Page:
March 27, 2007

Pressure to perform

A runner friend of mine (okay, it's my husband), recently told me that when he turns the last corner in a race and starts heading toward the finish line, he starts to panic and wants to stop running. Seeing all the people watching and cheering makes him feel extremely anxious. The expectation! The pressure! Sound familiar?

In a recent post, I discussed how performance anxiety affects speakers and athletes in similar ways. It never occurred to me that crossing the finish line would create as much anxiety as crossing the starting line - I guess because I'm not a runner!

My husband also mentioned that there's an expectation that a runner will sprint the last few yards before the finish line, which also adds pressure.

However, he pointed out that the additional adrenaline stirred up by the crowd and perceived pressure actually propels him to finish the race, sprint and all.

The speaker's audience and the athlete's audience are also similar. Look at that cheering crowd at the finish line. What are they yelling? "Go!" "You can do it!" "Good job!" "Keep going!" And other supportive, encouraging things.

Okay, so the speaker's audience isn't yelling, "You can do it!" but they are thinking it! Yes they are. Just imagine for a moment that you're the person in the audience. You're hoping the speaker does well. You're hoping to learn something new. You're even hoping to be entertained a little. It's unlikely that you're sitting there thinking, "I hope she falls on her face."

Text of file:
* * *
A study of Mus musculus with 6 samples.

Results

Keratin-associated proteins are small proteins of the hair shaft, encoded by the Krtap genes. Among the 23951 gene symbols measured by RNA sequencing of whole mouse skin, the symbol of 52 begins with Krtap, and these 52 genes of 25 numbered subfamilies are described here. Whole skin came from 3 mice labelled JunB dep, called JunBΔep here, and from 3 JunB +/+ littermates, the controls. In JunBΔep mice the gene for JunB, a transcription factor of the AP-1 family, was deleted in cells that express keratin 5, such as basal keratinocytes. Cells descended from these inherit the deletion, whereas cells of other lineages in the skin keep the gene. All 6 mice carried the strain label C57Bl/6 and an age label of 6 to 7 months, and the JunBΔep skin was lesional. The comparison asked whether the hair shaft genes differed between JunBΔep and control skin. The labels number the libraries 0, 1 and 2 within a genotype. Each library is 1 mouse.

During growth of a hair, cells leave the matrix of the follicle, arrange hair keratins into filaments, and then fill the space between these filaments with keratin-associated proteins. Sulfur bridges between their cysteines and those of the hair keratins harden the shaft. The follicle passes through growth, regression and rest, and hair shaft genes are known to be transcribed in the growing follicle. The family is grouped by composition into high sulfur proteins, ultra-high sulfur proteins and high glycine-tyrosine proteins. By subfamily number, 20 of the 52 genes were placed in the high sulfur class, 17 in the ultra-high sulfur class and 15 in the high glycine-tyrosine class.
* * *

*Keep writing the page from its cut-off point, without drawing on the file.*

The crowd at the finish line isn't thinking that, either. And anyway, what would happen if you fell (literally as a runner, or figuratively as a speaker)? Would people laugh at you? Of course not. Would they deem you a failure? No. They would feel concerned, want to know that you're okay, and they would encourage you to get up and keep going. Because we're all human, and we can all relate to falling down.

Speakers and athletes who learn to channel that adrenaline and use it are going to find that manageable anxiety is helpful to them in achieving their goal. Also, by perceiving the audience as supportive instead of hostile, they retrain their brains to expect positive results in their endeavors.

I'm amazed, yet again, at how similar the experiences are of the athlete and performer.